The struggle to control the narrative of Saturday’s protests is part of a much longer struggle for control over the narratives of marginalized individuals and communities in the United States. After hours of more than a thousand marching from Gilmor Homes to the Western District police station, to rally at City Hall, with no incident, a seemingly spontaneous march to Camden Yards during a baseball game triggered a series of events whose timeline journalists are still piecing together from video footage.
Many organizers at the forefront of the protests are women, and many members of the Gilmor Homes community with key involvement in the protests are very young people. On Saturday, women marshaled the march along, maintaining energy, leading chants from megaphones, and even ensuring that a female member of Freddie Gray’s family, who joined the march in her wheelchair, was able to stay on the front lines.
However, the visibility, or lack thereof, of black women in the protest narrative has also been problematic; early in the week, religious leaders explicitly called for men to march in front of women, for the purpose of protection, which the women in the crowd largely ignored in favor of a more egalitarian marching formation. Some male organizers made similar suggestions at Friday night’s small demonstration, stating that men should walk in front and on the sides of Saturday’s march to prevent women and children from being grabbed by law enforcement officials or hit by cars whose drivers became agitated during demonstrations that disrupt traffic.
A female member of Baltimore Bloc, one of the groups protesting the death of Freddie Gray while in police custody, who wished to remain anonymous explained that this behavior likely occurred without people within organizations realizing their implications. A Baltimore organizer since 2007, and a marshal at Saturday’s protest, she said it is “kind of a natural habit to not realize the lack of acknowledgment of women,” but that those habits vary from group to group, and that media tend to focus on the presence and actions of men more than those of women.
For example, she marshaled protesters all day during Saturday’s protests, but noted the lack of images of her and fellow women marshals in media coverage of the events. Instead, many images of a dozen or so black men surfaced, decontextualized from the hours of peaceful marches prior to the return to Camden Yards after the rally at City Hall. This caused many groups and individuals, including Mayor Stephanie Rawlings-Blake, to focus on the images of protesters clashing with the sports fans who antagonized them, placing the blame squarely on young black men. The organizer I spoke with simply stated that, regardless of how the rest of the day had gone and the vocalization of different people and groups, “Nothing mattered [in the news] after the riot.”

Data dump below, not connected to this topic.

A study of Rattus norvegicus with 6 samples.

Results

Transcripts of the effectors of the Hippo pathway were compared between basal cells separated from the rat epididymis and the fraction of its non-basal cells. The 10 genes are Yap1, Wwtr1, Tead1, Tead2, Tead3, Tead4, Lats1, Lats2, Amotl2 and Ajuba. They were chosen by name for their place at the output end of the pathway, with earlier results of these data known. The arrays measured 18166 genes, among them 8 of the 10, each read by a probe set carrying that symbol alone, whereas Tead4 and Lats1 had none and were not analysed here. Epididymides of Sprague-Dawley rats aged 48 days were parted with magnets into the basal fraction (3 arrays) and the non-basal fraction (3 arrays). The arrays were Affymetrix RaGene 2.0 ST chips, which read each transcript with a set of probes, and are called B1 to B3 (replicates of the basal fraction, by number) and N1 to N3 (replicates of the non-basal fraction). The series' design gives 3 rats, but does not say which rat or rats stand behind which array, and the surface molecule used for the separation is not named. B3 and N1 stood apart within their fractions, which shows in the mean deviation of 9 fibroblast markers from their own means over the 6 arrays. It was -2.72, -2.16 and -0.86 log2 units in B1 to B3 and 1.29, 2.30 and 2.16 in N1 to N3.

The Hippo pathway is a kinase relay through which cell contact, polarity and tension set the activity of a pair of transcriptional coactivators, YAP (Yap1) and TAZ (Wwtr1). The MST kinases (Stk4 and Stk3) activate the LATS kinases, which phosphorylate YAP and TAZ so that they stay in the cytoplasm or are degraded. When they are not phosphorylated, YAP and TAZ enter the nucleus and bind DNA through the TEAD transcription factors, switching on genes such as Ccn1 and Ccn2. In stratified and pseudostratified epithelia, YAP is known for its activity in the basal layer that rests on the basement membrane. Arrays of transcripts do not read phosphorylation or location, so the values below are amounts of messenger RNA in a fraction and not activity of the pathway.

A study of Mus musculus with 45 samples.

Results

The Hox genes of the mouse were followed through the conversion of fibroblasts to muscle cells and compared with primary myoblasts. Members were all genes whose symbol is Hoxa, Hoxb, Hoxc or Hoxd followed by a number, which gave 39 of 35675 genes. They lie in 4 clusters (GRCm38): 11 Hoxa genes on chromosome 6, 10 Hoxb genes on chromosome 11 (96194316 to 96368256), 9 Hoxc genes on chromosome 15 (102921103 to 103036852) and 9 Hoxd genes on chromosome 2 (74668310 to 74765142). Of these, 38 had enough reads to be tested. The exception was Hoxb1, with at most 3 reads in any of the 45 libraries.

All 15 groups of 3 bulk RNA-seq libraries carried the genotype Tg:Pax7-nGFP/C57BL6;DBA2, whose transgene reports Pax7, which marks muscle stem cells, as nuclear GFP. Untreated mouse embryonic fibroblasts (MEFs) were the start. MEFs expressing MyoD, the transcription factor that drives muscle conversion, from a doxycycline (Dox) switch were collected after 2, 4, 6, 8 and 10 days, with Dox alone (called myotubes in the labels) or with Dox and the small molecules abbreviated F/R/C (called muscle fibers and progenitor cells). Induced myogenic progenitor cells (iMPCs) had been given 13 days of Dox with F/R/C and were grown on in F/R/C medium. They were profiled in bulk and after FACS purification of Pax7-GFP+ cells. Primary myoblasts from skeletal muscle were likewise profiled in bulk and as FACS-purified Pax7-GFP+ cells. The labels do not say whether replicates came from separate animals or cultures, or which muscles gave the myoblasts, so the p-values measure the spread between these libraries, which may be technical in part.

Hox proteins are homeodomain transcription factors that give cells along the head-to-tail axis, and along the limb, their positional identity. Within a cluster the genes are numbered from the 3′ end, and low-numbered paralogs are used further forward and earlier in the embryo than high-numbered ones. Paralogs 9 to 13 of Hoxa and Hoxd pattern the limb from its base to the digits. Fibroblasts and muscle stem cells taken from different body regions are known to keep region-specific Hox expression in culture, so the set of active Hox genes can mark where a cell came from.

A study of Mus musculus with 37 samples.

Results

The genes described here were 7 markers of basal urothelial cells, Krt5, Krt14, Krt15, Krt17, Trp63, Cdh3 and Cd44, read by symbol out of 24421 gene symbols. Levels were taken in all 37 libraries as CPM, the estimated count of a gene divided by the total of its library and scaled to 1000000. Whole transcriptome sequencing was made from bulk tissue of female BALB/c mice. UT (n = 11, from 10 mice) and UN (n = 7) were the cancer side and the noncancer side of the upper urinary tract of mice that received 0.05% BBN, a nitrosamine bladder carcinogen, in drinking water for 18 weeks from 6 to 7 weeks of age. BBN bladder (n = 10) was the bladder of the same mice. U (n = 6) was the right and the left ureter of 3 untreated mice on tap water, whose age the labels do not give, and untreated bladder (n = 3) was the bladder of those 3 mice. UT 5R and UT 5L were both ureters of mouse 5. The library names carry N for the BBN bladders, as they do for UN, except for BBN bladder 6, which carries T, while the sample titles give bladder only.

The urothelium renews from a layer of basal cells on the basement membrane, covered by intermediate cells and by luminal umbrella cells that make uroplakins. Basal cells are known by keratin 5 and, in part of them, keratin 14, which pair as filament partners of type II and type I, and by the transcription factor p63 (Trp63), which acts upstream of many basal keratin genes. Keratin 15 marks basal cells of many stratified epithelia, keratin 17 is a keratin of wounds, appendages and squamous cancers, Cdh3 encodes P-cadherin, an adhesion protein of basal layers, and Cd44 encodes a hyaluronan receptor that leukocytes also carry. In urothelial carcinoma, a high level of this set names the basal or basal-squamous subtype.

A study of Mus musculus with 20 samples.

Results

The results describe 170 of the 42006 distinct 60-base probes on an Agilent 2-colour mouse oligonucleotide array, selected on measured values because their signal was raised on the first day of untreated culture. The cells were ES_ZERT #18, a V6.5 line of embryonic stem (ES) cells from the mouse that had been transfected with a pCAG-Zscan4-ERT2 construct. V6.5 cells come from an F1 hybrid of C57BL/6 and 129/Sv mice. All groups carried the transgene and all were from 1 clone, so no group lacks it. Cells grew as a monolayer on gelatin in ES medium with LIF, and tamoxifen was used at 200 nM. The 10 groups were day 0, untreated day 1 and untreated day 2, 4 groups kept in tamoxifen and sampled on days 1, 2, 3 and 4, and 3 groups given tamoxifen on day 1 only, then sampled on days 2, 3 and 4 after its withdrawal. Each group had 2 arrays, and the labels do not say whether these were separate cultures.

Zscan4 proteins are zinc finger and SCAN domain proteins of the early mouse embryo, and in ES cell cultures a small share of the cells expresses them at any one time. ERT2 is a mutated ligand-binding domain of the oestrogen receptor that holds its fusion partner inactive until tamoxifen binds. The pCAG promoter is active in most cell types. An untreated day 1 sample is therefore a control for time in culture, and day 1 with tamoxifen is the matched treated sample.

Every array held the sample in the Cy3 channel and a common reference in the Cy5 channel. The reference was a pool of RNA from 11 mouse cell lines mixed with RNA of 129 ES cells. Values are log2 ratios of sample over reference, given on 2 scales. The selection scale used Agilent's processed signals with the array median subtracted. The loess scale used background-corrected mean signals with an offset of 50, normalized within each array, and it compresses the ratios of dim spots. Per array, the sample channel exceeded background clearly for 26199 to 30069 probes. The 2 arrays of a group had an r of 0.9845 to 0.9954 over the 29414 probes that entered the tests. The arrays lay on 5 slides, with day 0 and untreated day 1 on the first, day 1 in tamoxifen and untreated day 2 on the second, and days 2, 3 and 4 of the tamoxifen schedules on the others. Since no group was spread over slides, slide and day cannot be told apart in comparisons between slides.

Tawanda Jones has long endured the repercussions of false narratives since she became an activist after the 2013 death of her brother, Tyrone West, 44, following a beating by Baltimore police officers. From attempting every available legal outlet to ensure a transparent investigation into her brother’s death, to being misquoted by Fox 45’s Melinda Roeder during a rally, Jones has firsthand experience that still affects her daily life. Doctored footage from a televised segment in which Fox 45 misquoted the chant “We can’t stop/ We won’t stop/ Till killer cops/ Are in cell blocks” as “We can’t stop/ We won’t stop/ So kill a cop” has caused Jones to receive multiple anonymous threats that continue to this day, along with repeated damage to her vehicle and inability to safely go about her day alone.
Qiara Butler, who works with members of Baltimore Bloc and other groups under the umbrella coalition of B’more United for Change, said that she became an activist after Tyrone West, her cousin, died: “My family . . . we’re mostly women, and we fight. We fight for what we feel is justice. We’ve gone through every avenue of government, and have had our requests and demands turned down. We’re hoping that, with Freddie Gray’s case, something develops and that justice trickles down to all those in the city affected by police brutality.”
“I feel like this has invoked something in people that they didn’t know they had in them,” Butler added. “When my cousin was murdered, it invoked me understanding who I am, and my purpose, and my spiritual purpose.” These protests have involved a large, diverse group of people united around a call for accountability, so messaging does occasionally vary between different organizations, but the overwhelming message issued from the greater collective remains the same. Saturday’s protest initially called for three separate marches originating from the Gilmor Homes community, but march leaders decided to consolidate the marches at the last minute and attempted to maintain order.
Jones said that she has seen the entrenched strength and presence of the women in the movement, including and especially on Saturday, and stresses the unity of those women in solidarity with victims of police brutality. “We’ve been consistent in what we’re doing. It’s not just Saturday, or last week. It’s been building up. Now that it’s out there, we have to keep going.”